Project SEARCH celebrates graduation, competitive employment and independent living

A packed house of family, friends and supporters filled the TSYS auditorium in May to witness and celebrate the graduation of eight interns from the TSYS Project SEARCH program.  


Jul 18, 2018

Project SEARCH celebrates graduation, competitive employment and independent living

A packed house of family, friends and supporters filled the TSYS auditorium in May to witness and celebrate the graduation of eight interns from the TSYS Project SEARCH program.

It was a joyous occasion, especially for the graduates, who all have taken jobs with employers in Columbus, Georgia at places such as Country’s Barbecue, Papa John’s Pizza, Easterseals of West Georgia, ABM Industries (formerly Southern Management), and TSYS.

A transitional program, Project SEARCH helps high school graduates with intellectual or developmental disabilities gain real-world work experience and training. The program prepares the graduates for competitive employment after the internship is completed. The objective is to help the interns develop skills that are relevant, diverse and marketable.

A community of talent

“This is a community that is often forgotten, but it’s an important community full of talent and potential that can make a difference in the workplace,” said Patty Watson, chief technology officer at TSYS and executive sponsor of Project SEARCH. “Hiring people with intellectual disabilities is a talent pool that many companies have not tapped into yet. The challenge that we face is that people and employers underestimate the capabilities of someone with an intellectual disability.”

Founded in 1996 at the Cincinnati Children’s Hospital, Project SEARCH in Columbus is a collaborative program between the Muscogee County School District, Easter Seals of West Georgia, the Georgia Vocational Rehabilitation Agency and TSYS. Today, there are more than 500 Project SEARCH sites across the United States and the world. TSYS began participating in 2016.

“Project SEARCH really enables and highlights how somebody with an intellectual disability can contribute successfully to an organization and make a positive difference to the bottom line, as well as to the culture of diversity and inclusion,” said Watson.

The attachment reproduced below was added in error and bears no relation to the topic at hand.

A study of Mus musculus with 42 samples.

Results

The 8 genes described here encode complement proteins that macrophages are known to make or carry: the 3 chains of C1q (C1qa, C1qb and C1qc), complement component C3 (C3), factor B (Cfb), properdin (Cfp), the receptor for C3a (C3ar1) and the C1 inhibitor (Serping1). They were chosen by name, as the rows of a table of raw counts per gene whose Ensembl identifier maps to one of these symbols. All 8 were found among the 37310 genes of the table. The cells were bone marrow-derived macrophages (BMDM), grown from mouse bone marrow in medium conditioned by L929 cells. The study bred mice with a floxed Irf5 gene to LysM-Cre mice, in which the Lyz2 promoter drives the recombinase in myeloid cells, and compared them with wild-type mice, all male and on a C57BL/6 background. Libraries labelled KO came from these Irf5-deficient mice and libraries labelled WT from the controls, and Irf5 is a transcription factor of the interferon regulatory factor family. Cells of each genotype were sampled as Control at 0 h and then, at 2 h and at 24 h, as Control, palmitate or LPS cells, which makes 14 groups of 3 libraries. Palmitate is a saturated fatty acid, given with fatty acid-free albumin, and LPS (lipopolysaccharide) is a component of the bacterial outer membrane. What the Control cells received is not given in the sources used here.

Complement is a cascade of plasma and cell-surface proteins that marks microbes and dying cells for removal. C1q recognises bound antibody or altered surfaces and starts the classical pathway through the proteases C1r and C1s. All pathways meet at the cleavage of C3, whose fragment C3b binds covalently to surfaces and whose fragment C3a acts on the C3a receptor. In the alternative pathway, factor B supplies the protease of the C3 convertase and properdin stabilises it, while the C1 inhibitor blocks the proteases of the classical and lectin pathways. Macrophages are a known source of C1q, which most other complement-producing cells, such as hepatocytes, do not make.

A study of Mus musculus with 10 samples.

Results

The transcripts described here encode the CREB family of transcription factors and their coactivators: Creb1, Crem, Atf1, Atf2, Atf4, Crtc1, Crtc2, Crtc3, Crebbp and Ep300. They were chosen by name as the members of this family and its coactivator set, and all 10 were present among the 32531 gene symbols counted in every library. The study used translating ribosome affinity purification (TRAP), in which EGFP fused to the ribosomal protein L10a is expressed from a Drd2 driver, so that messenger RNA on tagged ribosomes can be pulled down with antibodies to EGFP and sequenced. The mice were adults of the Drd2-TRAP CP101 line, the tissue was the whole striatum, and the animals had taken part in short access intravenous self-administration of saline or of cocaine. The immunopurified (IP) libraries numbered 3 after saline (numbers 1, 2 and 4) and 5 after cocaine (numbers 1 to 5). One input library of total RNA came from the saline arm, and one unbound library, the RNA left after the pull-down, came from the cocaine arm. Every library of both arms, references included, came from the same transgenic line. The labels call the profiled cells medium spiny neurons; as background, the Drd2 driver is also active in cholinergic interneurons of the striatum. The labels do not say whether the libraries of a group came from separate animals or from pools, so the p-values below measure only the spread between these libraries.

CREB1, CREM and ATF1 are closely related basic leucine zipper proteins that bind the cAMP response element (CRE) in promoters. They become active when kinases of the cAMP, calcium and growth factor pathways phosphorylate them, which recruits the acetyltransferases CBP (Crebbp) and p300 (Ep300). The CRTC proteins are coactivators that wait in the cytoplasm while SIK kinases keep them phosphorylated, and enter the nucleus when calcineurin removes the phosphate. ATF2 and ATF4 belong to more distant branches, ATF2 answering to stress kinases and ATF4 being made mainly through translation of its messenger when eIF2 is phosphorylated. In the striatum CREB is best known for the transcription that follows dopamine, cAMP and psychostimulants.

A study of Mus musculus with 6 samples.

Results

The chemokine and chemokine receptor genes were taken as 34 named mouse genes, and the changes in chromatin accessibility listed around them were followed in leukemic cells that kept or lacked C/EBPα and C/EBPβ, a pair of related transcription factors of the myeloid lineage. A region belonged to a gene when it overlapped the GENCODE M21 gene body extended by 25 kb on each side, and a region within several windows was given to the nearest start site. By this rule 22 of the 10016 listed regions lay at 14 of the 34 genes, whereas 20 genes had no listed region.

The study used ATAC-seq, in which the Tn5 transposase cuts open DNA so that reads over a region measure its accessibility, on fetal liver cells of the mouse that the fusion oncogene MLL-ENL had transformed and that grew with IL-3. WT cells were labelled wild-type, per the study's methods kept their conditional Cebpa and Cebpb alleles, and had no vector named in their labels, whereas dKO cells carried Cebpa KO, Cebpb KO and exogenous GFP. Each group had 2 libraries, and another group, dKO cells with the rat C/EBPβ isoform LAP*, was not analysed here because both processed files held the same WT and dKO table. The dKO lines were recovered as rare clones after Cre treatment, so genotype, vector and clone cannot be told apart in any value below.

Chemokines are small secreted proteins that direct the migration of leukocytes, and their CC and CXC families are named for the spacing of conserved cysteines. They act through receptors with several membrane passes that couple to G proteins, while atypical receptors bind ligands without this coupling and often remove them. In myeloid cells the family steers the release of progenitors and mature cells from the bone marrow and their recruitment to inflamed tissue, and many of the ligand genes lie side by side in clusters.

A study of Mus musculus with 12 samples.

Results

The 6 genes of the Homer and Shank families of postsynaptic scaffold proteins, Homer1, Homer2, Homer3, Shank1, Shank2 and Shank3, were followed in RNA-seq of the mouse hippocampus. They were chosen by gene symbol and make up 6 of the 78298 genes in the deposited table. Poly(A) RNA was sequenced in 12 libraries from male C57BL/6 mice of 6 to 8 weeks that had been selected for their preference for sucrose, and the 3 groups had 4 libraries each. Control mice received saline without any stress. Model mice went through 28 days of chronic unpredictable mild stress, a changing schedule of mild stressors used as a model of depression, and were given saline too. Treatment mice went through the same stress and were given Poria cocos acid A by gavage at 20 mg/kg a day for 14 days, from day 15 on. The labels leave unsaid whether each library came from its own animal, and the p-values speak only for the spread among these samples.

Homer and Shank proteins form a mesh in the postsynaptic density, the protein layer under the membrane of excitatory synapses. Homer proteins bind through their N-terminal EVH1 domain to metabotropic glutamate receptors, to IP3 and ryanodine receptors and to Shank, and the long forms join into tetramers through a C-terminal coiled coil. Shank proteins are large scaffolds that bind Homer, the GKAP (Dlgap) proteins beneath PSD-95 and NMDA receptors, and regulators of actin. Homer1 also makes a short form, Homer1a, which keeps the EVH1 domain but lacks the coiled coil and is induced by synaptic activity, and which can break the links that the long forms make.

Project SEARCH at TSYS

Work skills and life skills

An intensive, nine-month program, the Project SEARCH curriculum involves classroom instruction, skills training, work-related tasks and evaluations. An instructor, a skills trainer and several mentors work closely with the interns and prepare them for real work experience.

“We teach them work skills and life skills,” said Loretta Fuller, Project SEARCH instructor. “We help them get a job and try to develop them personally and professionally.”

Fuller said the program involves teaching the interns about important issues and topics such as workplace safety, inventory management, health and fitness, and how to write a resume. The interns also learn how to use relevant technology software such as Microsoft Word, Excel and PowerPoint. They also engage in team-building activities and study financial literacy where they learn how to make a budget, pay bills, bank online and save money.

Changing the workplace culture and the general perception of people with disabilities is what Project SEARCH is all about. And so is developing human talent for real jobs.

'There is nothing I can't handle'

Back at the graduation ceremony, the Project SEARCH graduates were all recognized for their hard work and tenacity. They were also presented with gifts from TSYS — laptop computers.

“What a wonderful night it is and congratulations to the eight of you,” said Pino Davis, the Project SEARCH business liaison at TSYS.

One graduate, Deshante Banks, spoke to the gathered group of supporters about his job that he had already started at ABM Industries, a vendor providing onsite facilities management services.

“I recycle trash and break down boxes and take them to a dumpster and I put the boxes in a big cardboard crusher,” said Banks. “I also make runs to the loading dock, the print room and internal mail sort. No matter how hard the work is, there is nothing I can’t handle.”

That’s the optimistic spirit that Project SEARCH hopes to instill in all of its graduates.

“We are so proud of the 2018 Project SEARCH graduation class,” said Davis. “They have all worked very hard to get to this point. We wish them continued success and happiness as they begin the journey of independent living and working real jobs.”